United Kingdom – Brexit Uncertainty Heightens Risk
Prime Minister Theresa May faces a rebellion by hardline Brexiteers in her Conservative Party, who have threatened to vote down her compromise plan for guiding the UK out of the EU in March 2019 with limited disruption to the country’s existing relationship with the bloc. The conflict has already prompted the resignations of the government’s Brexit “czar,” David Davis, and Foreign Secretary Boris Johnson. If approved as written, the plan would have established a “facilitated customs agreement” that would maintain free-trade in goods between the UK and the EU, and eliminate the need to restrict movement across the border between Ireland and Northern Ireland, while enabling the UK to impose restrictions on inward migration of people from EU member states and pursue trade agreements independently of the EU.
That is not nearly enough of an “exit” to satisfy the hardliners, and was in any case rejected by negotiators in Brussels. The EU remains open to the proposed customs arrangement, but has conditioned an agreement on the UK’s acceptance of the principle of free movement of labor, and rejected the demand of hardliners that the UK be granted a unilateral “opt out” from any deal concluded over the coming months.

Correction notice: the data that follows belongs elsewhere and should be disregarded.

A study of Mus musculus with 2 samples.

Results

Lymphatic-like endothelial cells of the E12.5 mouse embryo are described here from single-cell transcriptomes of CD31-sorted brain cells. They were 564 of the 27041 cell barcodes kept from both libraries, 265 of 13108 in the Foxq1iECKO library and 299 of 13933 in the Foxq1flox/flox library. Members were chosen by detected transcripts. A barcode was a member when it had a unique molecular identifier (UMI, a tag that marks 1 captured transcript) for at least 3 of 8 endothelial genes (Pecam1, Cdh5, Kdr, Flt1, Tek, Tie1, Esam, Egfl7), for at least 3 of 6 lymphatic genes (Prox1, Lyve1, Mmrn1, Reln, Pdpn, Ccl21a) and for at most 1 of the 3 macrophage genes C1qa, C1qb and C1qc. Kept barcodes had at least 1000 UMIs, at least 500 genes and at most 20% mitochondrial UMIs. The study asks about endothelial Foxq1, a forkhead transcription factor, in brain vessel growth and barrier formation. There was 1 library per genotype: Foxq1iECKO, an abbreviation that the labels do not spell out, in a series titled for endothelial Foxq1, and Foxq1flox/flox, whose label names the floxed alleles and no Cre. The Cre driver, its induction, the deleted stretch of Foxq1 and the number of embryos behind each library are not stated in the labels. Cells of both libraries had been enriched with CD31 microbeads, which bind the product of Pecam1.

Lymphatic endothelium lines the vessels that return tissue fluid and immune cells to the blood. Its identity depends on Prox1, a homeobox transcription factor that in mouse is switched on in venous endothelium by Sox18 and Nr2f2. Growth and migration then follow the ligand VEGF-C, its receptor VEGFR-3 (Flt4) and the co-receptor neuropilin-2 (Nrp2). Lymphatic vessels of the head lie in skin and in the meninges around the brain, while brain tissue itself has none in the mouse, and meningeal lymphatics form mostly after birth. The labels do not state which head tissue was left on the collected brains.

May has dismissed speculation that she will call a snap election in a bid to secure her leadership status, and the draft budget for 2019 unveiled by Chancellor of the Exchequer Philip Hammond in late October certainly has the look of a pre-election spending plan. In addition to tax cuts for an estimated 32 million British voters, the budget includes a hefty increase in health spending and outlays to finance affordable loans for business.
At this point, it is not clear that May can count on majority backing even for a temporary arrangement thrown together to buy some time during a transition period, and the uncertainty creates a risk of volatility in the financial markets as the deadline for Brexit approaches. The possibility of May hitting a snag that forces an early election only adds to the uncertainty. Poll data shows support for both the Conservatives and the main opposition Labour Party, which has tacked left under leader Jeremy Corbyn, fluctuating near 40%. Of possible significance, Labour has voted to campaign on a pledge to hold a second referendum on Brexit in the event of an early election triggered by May’s failure to secure approval of a deal with the EU.
In the meantime, firms operating in the UK lack a firm basis on which to make investment decisions, and May’s inability to build consensus behind an exit strategy increases the likelihood that the early post-Brexit period will be marked by costly disruptions to normal trading activity. Such a scenario would likely be accompanied by an increase in the risk of political instability, as the devolved government in Scotland pushes for another independence referendum and economic troubles in Northern Ireland arising from border restrictions undermine the foundation of the peace that has prevailed there for the past two decades.